COP Keating: Politics and Warfighting

BY Herschel Smith
4 years, 8 months ago

Spencer Ackerman is conflicted over leaving COP Keating open.  Jim Hanson agrees with the commenter that has Spencer thinking – and supports the notion that a commander should be allowed to amend, caveat and stipulate in order to manage the campaign.  Starting this kerfuffle, Spencer’s commenter says:

McChrystal is well within his rights to make individual exceptions to his overarching ruling of giving up the countryside to protect the population centers — and it seems pretty dumb to give up a known avenue of approach like this rat line, especially when the governor is requesting protection.

Well, maybe.  But there is more to this than meets the eye.  I had known for some time that COP Keating had been left open for political reasons at the request of the Provincial officials.  In fact, the politics gets rather ugly.  Richard Engel tells us:

Around 25,000 votes were cast in Barge Matal, approximately ten for every person in the village.  A cynic might say U.S. forces were called in so Barge Matal would be secure enough for local officials to rig the vote.  I have spoken to cynics within the U.S. military leadership in eastern Afghanistan. They go further than that.  They believe the Afghan government used the military (which brought in the ballots by helicopter) to provide cover for vote rigging and that the Afghan request to secure Barge Matal had deadly consequences for U.S. troops.

But it gets even worse.   Jonathan S. Landay (McClatchy reporter who was with the three Marines and Corpsman who perished in the Kunar Province when they were denied artillery support after being ambushed by Taliban) digs deeper.

Army Gen. Stanley A. McChrystal, the top U.S. commander in Afghanistan, kept a remote U.S. base in the country manned last year at the local governor’s request despite warnings from his field commanders that it should be closed because it was vulnerable and had no tactical or strategic value.

McChrystal’s decision to maintain the outpost at Barg-e Matal prompted the top American commanders in eastern Afghanistan to delay plans to close a second remote U.S. outpost, Combat Outpost Keating, where insurgents killed eight U.S. troops in an assault Oct. 3, a McClatchy investigation has found.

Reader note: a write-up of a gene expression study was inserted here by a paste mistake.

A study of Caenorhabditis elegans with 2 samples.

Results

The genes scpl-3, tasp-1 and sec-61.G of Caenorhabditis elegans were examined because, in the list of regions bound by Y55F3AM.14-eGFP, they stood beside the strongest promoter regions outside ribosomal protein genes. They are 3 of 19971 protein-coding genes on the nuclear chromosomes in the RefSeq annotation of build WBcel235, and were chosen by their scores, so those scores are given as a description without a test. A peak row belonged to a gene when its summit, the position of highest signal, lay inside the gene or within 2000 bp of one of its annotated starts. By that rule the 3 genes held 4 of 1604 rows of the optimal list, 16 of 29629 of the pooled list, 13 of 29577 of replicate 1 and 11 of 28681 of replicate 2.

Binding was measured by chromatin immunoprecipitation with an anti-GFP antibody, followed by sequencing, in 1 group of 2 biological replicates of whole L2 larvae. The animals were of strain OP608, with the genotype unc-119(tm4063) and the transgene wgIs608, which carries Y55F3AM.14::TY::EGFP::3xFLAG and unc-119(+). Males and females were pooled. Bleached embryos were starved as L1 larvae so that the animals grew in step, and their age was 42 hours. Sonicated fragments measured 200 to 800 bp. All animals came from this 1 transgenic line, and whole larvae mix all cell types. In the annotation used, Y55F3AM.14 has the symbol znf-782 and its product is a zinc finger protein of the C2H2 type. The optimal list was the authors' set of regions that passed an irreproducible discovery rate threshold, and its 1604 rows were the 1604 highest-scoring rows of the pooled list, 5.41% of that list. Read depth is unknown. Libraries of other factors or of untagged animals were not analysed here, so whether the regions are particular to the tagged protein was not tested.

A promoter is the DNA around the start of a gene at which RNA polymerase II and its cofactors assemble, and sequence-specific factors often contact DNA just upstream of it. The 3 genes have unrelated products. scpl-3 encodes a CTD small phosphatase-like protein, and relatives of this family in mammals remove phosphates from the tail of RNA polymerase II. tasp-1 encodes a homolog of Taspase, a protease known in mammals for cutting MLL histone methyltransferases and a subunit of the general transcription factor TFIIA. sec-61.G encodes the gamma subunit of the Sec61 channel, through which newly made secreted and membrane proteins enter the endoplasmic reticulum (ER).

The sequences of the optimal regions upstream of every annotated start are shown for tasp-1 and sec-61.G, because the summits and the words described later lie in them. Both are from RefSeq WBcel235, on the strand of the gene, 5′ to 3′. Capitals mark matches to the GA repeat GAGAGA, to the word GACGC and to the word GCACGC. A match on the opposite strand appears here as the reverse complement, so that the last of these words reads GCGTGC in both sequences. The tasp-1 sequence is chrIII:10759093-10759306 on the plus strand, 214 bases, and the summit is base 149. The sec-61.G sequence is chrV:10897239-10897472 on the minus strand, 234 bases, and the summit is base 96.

Keeping Barg-e-Matal open also deprived a third isolated base of the officer who would have been its acting commander and left its command to lower-ranking officers whose “ineffective actions” led “directly” to the deaths of five American and eight Afghan soldiers in an ambush Sept. 8, according to a high-level military investigation.

In addition, an unidentified witness told the military investigators that the operations center that failed to provide effective artillery and air cover to the U.S. and Afghan force that was ambushed in the Ganjgal Valley was focused instead on Barg-e Matal.

However, the ambush inquiry and a similar high-level Army probe into the Oct. 3 deaths at COP Keating, the worst single American combat loss in 2009, don’t mention that McChrystal’s decision to keep Barg-e Matal open made the combat outpost and the Ganjgal operation more vulnerable.

Instead, the inquiries hit lower-ranking officers — including two field commanders who’d urged McChrystal for months to close Keating and Barg-e Matal — with administrative penalties.

The two officers, Col. Randy George and Lt. Col. Robert B. Brown, and other U.S. officials had warned repeatedly that the two outposts were worthless and too costly to defend, two American defense officials and a former NATO official told McClatchy.

So via the AR 15-6 process, we are on another head hunt in order to exonerate decisions made at the very top.  Listen carefully to me.  I have previously said that COP Keating did indeed serve a purpose, i.e., to interdict fighters flowing from Pakistan into Afghanistan along this route.  That is what makes this so ugly.

McChrystal has a right to decide, stipulate, caveat, circle back around, and whatever else he wants to do.  His giving up the countryside in favor of population centers is wrongheaded, and I do not now and have never concurred with the idea of population-centric counterinsurgency when applied as an exclusive use doctrine.  Nor do I believe in holding terrain.

But again, listen carefully to me.  What neither McChrystal nor any of his reports has a right to do is leave U.S. warriors in poor terrain, with lack of adequate force protection, in inadequately garrisoned outposts, with poor logistics and little outside assistance.  McChrystal DOES have a right to issue deployment / garrisoning orders.  He DOESN’T have a right to forget or ignore basic military doctrine like force protection – not for interdiction, not for politics, not for any reason, ever.

Prior: Second Guessing the Battles of Wanat and Kamdesh

  • wayne rankin

    Help me understand why you would make and then try to defend a decision to defend a death pit = Keating. Ist rule take and make damn sure that you control the high ground. If you want to control the route the enemy is using set up sensors – detect their movements — then shoot down on them. Everyone screwed up from the start and then continued to duck an weave to cover the first obvious mistake.

  • Jim Harris

    Add to that mines, booby traps, and barriers. You don’t have to physically occupy ground to control or deny access.


You are currently reading "COP Keating: Politics and Warfighting", entry #4597 on The Captain's Journal.

This article is filed under the category(s) Afghanistan,COP Keating,General McChrystal,Kamdesh and was published February 23rd, 2010 by Herschel Smith.